Villagers travel on a boat through floodwaters in Tataliguri, Morigoan district in India’s northeastern state of Assam [AFP]
Floods have hit Assam state in the northeast of India, a region famous for its hilly tea growing areas. Around 100 people are now known to have died as a result of this year’s monsoon rains. Meanwhile, much of India has actually suffered lower than average rainfall.
Almost two million people have been made homeless in what is being described as the worst flooding in recent times. The slow passage of this season’s rains mean that the northeast of India along with Bangladesh have been hit by seemingly relentless rainfall which has caused the mighty Brahmaputra River and many of its tributaries to breach their banks.
Thousands of homes have been washed away in the process. Roads, bridges and power lines have also been destroyed.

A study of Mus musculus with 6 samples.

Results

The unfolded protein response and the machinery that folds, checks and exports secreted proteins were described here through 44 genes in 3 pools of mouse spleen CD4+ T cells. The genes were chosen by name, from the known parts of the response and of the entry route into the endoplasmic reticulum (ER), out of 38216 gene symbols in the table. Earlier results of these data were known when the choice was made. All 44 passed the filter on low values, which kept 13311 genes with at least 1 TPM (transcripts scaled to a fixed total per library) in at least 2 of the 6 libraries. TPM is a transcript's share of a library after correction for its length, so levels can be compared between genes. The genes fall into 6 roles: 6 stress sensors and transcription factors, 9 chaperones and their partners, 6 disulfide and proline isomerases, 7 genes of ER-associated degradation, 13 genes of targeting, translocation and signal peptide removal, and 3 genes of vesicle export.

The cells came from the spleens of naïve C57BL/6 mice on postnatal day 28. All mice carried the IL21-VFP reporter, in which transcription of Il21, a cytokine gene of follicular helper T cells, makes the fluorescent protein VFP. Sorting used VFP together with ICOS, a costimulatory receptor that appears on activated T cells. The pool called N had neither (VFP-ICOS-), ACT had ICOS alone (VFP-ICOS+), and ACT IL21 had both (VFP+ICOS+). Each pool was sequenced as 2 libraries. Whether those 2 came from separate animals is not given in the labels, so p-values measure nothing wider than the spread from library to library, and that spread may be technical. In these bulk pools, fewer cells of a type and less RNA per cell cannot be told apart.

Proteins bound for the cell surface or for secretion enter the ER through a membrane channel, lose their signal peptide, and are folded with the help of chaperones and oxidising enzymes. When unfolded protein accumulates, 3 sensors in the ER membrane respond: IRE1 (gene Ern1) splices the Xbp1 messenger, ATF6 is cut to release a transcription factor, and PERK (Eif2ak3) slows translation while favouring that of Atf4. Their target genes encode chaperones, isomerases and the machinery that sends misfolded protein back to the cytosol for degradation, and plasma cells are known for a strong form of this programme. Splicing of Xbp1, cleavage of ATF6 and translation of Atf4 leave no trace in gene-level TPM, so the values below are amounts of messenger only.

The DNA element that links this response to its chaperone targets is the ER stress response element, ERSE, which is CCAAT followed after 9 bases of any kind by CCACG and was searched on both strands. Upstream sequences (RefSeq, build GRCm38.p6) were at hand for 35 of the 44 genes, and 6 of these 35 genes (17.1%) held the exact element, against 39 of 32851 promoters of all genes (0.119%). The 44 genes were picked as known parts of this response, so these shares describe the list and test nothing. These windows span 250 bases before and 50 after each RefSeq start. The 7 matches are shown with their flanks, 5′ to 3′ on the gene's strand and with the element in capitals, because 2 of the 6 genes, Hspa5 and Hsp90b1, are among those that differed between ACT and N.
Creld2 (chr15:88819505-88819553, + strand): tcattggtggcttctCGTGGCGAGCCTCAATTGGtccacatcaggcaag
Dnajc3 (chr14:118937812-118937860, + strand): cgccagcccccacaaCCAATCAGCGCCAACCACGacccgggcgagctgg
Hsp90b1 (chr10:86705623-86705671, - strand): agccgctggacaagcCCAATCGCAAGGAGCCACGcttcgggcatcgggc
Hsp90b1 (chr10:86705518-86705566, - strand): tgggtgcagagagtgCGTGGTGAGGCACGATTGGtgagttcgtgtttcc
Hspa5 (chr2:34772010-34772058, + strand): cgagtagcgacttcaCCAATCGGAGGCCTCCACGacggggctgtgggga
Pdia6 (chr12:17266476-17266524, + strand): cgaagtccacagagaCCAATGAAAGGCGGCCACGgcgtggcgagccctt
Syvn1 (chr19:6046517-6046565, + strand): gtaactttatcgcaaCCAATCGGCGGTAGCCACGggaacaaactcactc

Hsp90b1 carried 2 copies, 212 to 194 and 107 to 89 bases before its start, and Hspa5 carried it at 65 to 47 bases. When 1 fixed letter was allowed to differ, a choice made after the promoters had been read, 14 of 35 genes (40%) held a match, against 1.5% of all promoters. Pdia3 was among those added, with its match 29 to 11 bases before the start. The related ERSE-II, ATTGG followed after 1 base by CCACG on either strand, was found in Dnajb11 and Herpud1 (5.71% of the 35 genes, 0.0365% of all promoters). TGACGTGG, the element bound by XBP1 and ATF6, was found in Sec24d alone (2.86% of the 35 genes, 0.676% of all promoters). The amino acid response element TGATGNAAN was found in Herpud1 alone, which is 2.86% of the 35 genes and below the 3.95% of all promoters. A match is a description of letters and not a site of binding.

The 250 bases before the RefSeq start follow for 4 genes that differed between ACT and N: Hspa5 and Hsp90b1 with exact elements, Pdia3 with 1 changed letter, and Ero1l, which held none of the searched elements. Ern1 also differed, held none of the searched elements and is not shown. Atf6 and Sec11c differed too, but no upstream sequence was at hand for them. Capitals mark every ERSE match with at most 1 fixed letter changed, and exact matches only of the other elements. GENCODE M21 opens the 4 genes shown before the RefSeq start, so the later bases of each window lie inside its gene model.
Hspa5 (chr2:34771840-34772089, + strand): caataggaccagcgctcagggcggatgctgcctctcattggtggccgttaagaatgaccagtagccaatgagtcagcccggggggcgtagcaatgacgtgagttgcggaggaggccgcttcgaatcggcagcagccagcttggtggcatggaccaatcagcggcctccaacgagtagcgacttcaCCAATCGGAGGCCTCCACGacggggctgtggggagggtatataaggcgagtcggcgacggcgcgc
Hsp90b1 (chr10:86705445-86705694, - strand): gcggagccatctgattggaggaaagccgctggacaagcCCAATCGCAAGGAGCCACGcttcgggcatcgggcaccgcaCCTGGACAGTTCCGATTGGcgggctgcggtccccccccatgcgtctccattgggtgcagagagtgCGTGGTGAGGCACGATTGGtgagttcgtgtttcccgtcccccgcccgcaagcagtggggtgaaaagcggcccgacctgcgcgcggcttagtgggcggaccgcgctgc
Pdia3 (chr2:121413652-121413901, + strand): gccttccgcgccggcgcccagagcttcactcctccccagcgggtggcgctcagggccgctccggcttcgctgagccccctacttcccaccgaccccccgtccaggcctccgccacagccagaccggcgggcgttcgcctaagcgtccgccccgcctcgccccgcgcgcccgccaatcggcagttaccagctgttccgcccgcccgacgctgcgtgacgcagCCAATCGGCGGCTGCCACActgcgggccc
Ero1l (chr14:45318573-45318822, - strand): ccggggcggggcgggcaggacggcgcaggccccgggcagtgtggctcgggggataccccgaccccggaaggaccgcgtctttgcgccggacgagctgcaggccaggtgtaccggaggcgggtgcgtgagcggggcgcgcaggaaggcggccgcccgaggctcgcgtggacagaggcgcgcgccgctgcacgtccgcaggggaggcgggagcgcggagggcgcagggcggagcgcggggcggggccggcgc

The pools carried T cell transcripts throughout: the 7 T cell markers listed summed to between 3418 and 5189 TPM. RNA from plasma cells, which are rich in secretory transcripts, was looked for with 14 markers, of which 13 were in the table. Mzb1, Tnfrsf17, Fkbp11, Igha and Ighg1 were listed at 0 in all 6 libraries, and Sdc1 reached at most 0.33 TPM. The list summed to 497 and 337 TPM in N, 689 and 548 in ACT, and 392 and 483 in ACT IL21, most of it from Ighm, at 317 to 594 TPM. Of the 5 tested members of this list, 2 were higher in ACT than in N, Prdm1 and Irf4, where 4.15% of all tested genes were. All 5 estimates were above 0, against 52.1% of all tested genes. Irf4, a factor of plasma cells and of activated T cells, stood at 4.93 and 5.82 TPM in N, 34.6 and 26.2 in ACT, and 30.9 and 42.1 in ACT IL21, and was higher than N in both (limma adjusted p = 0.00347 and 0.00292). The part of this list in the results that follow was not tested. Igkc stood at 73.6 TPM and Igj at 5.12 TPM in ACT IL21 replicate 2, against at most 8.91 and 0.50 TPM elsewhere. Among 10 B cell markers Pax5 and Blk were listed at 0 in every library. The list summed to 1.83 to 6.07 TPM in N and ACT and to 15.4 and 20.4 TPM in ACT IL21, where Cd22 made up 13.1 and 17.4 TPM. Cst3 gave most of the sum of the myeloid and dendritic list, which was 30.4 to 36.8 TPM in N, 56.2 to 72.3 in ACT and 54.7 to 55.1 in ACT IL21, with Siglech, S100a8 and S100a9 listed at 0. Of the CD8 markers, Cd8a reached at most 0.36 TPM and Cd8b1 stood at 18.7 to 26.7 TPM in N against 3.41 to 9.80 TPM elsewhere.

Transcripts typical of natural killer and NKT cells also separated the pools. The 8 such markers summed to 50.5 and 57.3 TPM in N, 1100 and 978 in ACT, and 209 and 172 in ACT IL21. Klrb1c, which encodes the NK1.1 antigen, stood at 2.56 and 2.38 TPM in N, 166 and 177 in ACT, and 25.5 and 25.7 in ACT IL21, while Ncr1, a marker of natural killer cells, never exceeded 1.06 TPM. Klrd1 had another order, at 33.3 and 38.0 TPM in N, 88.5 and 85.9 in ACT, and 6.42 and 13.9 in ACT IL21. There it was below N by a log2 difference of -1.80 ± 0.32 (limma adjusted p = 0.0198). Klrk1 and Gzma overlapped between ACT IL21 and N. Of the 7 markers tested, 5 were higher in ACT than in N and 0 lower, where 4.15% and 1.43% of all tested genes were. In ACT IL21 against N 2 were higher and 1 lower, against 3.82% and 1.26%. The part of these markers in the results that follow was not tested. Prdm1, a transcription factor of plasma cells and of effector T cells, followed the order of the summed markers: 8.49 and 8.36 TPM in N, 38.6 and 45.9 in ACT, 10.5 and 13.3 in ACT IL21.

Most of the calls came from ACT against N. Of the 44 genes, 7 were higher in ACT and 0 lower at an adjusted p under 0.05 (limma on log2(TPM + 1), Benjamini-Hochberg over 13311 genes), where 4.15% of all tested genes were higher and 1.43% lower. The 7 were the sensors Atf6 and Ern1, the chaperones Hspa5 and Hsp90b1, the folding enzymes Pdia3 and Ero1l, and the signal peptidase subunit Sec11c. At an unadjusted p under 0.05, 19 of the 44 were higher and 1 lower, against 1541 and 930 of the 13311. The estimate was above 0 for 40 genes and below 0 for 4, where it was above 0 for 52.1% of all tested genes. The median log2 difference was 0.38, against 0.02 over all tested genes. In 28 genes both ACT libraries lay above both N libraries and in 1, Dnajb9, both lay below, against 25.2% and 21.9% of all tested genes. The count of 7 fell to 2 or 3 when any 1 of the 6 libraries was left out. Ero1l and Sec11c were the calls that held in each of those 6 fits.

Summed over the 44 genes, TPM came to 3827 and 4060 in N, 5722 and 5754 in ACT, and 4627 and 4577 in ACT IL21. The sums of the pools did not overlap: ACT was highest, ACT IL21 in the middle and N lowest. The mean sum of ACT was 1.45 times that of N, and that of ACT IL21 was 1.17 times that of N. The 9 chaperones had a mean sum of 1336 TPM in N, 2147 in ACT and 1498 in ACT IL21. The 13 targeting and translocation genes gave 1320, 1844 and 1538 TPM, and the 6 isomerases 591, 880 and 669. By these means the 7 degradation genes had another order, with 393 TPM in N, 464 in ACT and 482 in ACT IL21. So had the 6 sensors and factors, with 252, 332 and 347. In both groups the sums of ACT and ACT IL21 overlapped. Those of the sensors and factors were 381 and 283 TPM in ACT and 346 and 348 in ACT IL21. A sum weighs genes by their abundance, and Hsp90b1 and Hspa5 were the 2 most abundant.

Indian Army soldiers have helped with the evacuation of flood–affected villagers. Almost half a million people are currently living in relief camps.
Water levels have receded but authorities are now battling to stave off the threat of disease. The stinking carcasses of cattle and other animals in the floodwater have added to the danger of an epidemic.
To the west, Mumbai has become waterlogged with the unrelenting downpours. On Wednesday, 83mm of rain were recorded and there have been similar amounts of rainfall for many days now.
Further north, New Delhi has been late to see the rains setting in. They have finally arrived here, much to the relief of the millions of farmers across the northwest.
According to the Indian Meteorological Department the monsoon rains have been around 30 per cent deficient so far this year. The country as a whole has received 138mm of rain, compared to the norm of 198mm since the onset of the monsoon.